Saturday, October 23, 2010
Mafia lawyer Seth Ginsberg weeded out; banned from visiting lockup after he's caught with pot
A mob lawyer has been banned from a Manhattan federal lockup after he was caught trying to walk in with a bag of marijuana, sources told the Daily News.
Seth Ginsberg - who was visiting a reputed Gambino soldier when guards found the illicit weed - wasn't arrested.
But he is barred from the Metropolitan Correctional Center while the feds probe whether he was trying to smuggle the pot inside.
"I had no idea there was anything illegal in my bag. I had no intention of bringing anything illegal to my client, nor would he ever ask or want me to," Ginsberg said yesterday.
He blamed the dopey incident on his brother - who swears the marijuana was his.
"Anyone who knows Seth knows this is some crazy happenstance," said lawyer Charles Carnesi.
The rare ban followed Ginsberg's Oct. 12 attempt to see reputed Gambino soldier Thomas Orefice, who is accused of recruiting girls for an underage hooker ring.
The lawyer, who once defended mob scion John A. (Junior) Gotti, stopped at the security tent outside the MCC. There, a correction officer asked him to open his bag, a standard procedure.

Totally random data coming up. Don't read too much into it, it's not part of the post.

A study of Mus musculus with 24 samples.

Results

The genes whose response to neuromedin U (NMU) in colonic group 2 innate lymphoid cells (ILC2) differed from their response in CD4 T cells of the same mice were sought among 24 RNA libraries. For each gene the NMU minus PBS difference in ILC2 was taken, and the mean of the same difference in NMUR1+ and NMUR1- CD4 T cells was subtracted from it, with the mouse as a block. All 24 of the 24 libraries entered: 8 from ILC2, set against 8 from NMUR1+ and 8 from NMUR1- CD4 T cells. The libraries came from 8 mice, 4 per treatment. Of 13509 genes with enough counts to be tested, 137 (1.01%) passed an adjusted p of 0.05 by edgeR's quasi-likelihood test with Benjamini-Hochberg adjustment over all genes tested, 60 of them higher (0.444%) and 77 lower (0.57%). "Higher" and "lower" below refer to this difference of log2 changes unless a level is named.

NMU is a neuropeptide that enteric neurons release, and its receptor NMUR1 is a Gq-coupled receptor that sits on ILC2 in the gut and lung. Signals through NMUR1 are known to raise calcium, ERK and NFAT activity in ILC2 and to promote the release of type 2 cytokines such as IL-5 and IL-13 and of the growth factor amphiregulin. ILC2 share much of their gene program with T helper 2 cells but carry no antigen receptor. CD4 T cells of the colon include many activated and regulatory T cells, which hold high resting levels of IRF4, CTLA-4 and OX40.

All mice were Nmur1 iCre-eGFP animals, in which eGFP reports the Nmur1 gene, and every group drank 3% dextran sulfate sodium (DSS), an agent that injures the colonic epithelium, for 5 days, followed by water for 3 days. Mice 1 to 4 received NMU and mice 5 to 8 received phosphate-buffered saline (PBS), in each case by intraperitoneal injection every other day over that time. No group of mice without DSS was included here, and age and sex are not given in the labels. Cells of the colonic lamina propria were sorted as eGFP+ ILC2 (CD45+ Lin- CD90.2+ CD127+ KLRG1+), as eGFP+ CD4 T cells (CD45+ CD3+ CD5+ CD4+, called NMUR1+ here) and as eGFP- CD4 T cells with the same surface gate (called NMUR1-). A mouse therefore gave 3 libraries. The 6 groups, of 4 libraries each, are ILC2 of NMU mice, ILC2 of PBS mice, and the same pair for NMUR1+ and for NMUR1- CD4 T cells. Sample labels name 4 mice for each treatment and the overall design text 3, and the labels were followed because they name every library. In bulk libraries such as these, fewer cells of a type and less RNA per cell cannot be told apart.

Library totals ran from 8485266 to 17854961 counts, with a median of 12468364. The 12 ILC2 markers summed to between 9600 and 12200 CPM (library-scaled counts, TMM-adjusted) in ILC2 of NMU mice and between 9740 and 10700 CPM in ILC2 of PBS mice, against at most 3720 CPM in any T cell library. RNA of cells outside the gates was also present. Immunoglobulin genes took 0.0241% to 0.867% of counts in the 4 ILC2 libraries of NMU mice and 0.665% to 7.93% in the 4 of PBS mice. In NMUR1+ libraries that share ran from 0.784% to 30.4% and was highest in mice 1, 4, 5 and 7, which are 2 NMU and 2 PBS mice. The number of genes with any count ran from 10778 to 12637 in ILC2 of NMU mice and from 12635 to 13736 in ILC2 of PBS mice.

Tucked inside a pocket was a plastic sandwich bag that held an undetermined amount of marijuana.
Ginsberg blurted out, "How did that get there?" and pointed the finger at his brother, whom he said had used the bag, a source said.
Ginsberg wasn't allowed to enter, but the officers let him leave the screening area. When he returned a short time later, the bag of marijuana was gone, sources said. Still, he was told he could not come in, sources said.
A correction officer later found what officials believe was the same bag of marijuana in a nearby garbage can, sources said.
The U.S. attorney's office in Manhattan was notified of the breach. A spokeswoman declined comment.
A spokesman for the federal Bureau of Prisons said it did not have the specifics of the case.
Ginsberg's younger brother submitted a sworn affidavit acknowledging the marijuana bag was his, and that has been submitted to investigators, Carnesi said.
Carnesi said the amount of pot in the bag was minimal and briefcases and bags are not even allowed into the client area. "Clearly, this does not rise to the level of an attempt to smuggle anything in," Carnesi said.
Under state law, anyone found with trace amounts of marijuana is hit with a citation. Carrying 2 to 8 ounces is a misdemeanor.
Orefice was drug tested after the incident and passed, a source said.